College, Graduation, Career, Oh My!

(Originally from my magazine The Odyssey: A Magazine Presented by The Sojourn)

23 tips for making job searching– and landing– easy.


Going into senior year not only means being close to graduating from college, but also starting the process of finding a career. To ease seniors’ minds (and even those of juniors’ who are looking ahead) about the stress that comes along with job searching, helpful resources on and off campus are available. Career Development, located in Barnes Student Center, provides LinkedIn training, internship assistance, career coaching, resume development and more. An off-campus resource in Marion is Lark’s Song, which strives to help students transition from college to career.

Tiffany Snyder, director of Career Development, and Megan Gilmore, executive director of Lark’s Song, shared tips for seniors on how to clinch that dream job.


linkedin-graphicSnyder suggests instead on going online to search for a potential job, to network.

“While there are internet resources out there for you, to go and talk to those who know you best and tap into those connections,” Snyder said.

She said to reach out to the ones you know, but in a professional way such as adding your bosses and internship supervisors on LinkedIn. Snyder said that would lead to them connecting you to professionals who are hiring.

Gilmore said most of the time with landing a job, it’s based on knowing someone. She suggested taking some time to decide what your ideal company or job is.

“See if there’s anyone you can contact in those companies and let them know that you would love to work for them,” Gilmore said.



Snyder gave three pieces of advice for a resume:

  1.         Drop the objective statement and add a cover letter

                    She said the objective doesn’t say much, so to go the extra step and take the time to write a cover letter.

        2. Making the resume only one page

“There’s something very clean and presentable about a one-page resume that has even white space all the way around,” Snyder said.

  1.         Using accomplishment statements

                    Instead of just listing tasks you did at a job, Snyder said to start with an action verb and incorporate numbers. Example: “Managed a team of four individuals.”

Gilmore suggests after creating the resume, to have at least three people proofread it.

“Don’t just create it yourself and (think) it looks good and send it out,” Gilmore said. “Have at least three people that you trust and can give you some critical feedback.”


Gilmore said she thinks including a cover letter when submitting a resume is important. She said it gives you a chance to express your personality to the employers.

“There’s emotion that can be in a cover letter and drive … that you can’t pick up in a resume,” Gilmore said. “(Employers) can see if it’s a good fit for their culture and for their team.”

Snyder suggested when writing the cover letter, look at the job description and your resume and choose what makes you the ideal candidate for the job. After choosing, you can talk about that in your cover letter so there is a common thread that runs through the cover letter, resume and job description.

“It’s so hard to write a cover letter because you want to say it all,” Snyder said. “But, just remembering that even though it’s a letter to not be intimidated and to be mindful that your employer doesn’t want read a ton.”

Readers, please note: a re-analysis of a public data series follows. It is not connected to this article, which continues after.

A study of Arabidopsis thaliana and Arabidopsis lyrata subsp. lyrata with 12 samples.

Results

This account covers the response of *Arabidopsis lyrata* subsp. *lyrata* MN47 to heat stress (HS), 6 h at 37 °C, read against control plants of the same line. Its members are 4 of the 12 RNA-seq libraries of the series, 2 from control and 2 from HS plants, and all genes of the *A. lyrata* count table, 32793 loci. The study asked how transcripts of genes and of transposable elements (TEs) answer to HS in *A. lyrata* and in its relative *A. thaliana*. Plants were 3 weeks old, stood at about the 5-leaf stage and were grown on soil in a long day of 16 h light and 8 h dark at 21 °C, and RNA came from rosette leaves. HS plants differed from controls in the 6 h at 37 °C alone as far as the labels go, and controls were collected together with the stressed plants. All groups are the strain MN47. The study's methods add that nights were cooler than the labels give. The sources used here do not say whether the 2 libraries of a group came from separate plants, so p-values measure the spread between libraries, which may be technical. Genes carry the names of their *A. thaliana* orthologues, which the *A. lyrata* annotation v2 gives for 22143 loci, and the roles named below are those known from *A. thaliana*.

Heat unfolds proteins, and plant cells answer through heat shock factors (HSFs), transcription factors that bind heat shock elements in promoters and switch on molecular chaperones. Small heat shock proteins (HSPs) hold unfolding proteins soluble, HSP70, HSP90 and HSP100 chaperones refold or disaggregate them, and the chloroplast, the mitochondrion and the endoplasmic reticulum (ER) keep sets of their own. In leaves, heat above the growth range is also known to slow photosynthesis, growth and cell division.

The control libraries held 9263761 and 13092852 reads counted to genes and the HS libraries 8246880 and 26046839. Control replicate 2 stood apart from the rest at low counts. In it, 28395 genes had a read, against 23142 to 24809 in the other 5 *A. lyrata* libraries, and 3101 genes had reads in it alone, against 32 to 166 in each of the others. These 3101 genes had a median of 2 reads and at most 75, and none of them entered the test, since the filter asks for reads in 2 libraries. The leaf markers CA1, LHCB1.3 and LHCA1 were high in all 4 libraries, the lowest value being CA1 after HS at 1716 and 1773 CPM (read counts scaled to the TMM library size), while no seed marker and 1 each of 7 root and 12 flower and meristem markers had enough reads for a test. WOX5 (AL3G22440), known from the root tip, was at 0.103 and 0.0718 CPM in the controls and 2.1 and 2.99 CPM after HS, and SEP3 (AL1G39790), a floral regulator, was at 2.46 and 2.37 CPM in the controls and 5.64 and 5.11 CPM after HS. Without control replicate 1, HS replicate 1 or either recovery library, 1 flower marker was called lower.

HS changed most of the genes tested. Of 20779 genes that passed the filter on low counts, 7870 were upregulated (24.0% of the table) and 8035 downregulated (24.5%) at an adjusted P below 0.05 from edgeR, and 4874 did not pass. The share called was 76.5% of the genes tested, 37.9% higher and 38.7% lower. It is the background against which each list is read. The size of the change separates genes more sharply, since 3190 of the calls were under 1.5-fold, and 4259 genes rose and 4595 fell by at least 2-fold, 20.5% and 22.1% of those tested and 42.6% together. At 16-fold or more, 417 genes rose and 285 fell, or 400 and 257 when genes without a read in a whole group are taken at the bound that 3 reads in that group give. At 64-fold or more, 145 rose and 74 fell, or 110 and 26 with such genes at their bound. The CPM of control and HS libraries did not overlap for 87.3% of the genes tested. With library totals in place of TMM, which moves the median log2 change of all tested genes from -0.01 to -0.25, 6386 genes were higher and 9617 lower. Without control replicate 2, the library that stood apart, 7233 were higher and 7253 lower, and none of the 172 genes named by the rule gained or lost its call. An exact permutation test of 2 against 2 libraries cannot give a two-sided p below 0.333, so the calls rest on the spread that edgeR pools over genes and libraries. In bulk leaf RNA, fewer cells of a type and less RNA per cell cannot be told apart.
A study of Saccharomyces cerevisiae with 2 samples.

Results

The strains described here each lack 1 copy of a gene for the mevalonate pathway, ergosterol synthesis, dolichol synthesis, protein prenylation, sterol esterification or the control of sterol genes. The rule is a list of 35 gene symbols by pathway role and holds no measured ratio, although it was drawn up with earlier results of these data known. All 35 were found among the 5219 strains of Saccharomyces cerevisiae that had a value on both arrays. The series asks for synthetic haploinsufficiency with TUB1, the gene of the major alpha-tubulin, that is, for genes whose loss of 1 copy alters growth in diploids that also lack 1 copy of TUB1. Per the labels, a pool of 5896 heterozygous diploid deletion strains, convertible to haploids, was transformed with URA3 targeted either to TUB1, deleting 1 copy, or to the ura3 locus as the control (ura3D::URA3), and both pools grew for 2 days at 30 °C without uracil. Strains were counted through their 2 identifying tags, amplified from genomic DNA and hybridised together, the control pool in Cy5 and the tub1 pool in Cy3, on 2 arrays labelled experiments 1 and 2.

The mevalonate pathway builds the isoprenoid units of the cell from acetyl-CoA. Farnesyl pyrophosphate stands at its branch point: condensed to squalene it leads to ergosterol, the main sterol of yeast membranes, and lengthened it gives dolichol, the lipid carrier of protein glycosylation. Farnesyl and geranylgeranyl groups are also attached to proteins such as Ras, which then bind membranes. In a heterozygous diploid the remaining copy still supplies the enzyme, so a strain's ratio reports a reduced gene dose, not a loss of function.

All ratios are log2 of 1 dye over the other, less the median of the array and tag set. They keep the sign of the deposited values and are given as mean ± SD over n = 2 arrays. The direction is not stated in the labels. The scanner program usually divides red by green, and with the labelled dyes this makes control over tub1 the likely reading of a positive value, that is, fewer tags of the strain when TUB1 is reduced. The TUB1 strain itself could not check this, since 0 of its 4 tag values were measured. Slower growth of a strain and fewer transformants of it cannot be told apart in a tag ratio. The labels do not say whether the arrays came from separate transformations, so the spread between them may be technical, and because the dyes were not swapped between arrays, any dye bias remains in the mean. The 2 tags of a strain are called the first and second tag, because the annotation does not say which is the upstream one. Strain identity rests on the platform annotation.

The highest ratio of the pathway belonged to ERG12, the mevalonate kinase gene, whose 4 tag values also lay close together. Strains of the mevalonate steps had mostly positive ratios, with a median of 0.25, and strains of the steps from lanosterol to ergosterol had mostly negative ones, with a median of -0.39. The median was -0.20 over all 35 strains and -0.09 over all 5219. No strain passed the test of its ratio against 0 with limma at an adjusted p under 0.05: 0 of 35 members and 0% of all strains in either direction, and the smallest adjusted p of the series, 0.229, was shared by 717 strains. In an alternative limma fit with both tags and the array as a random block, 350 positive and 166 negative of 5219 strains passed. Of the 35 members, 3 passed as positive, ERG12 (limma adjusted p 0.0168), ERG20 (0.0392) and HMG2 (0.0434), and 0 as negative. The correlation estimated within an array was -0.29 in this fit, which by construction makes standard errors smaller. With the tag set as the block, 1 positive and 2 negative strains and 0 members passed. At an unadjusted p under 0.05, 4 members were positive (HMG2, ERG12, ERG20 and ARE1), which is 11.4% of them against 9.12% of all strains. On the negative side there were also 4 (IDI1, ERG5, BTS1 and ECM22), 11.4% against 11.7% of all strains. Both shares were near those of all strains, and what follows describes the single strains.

It can be hard to decide exactly what to wear for an interview. Snyder suggested making sure not to draw too much attention to yourself.

“You are going to sacrifice a little bit of your own style … but you want to do that because you want them to hear what you have to say,” Snyder said. “It’s always best to be overdressed than underdressed.”

Walking into the interview, Snyder said she thinks it is great to introduce yourself to the employer with a firm handshake and say your name. When closing, she also said to shake their hand again, say thank you and to restate your interest in the job. She said doing so is closing the deal.

While preparing for what the interview could be like, Gilmore suggested to practice answering basic interview questions.

“Stand in front of a mirror, ask your roommate to ask you those basic questions so you can hear it coming out of your mouth so that you feel confident going into it,” Gilmore said.

After the interview, Snyder said to make sure to follow up.

“While it seems maybe like extra work, there is something powerful about a handwritten note,” Snyder said.

Gilmore said she thinks it’s best to follow up within 48 hours, and to not be afraid to take the opportunity to ask any other questions that you might thought of once you left or if you want to clarify something you said.

“Maybe they asked you something you weren’t quite sure about and you needed to gather some information or you felt like you fumbled a little bit, you can clarify that in a follow up email,” Gilmore said.


Snyder said to remember even your character could land you a job.


“Sometimes your character and your daily interactions and your personal network and how well you’ve managed that and invested in people is just as important as staying up until 2 in the morning and making sure your resume is perfect,” Snyder said.

While finding a job is important, Gilmore said the transition from college to career is really difficult so she suggested it’s a great time to focus on taking care of yourself.

“Figure out what gives you life and nourished your soul and start practicing self care in a ritualistic daily sort of way so that you are filling yourself up because the transition is hard,” Gilmore said. “Surround yourself with the right people that are going to love on you and invest in you. And that’ll help lower your stress level.”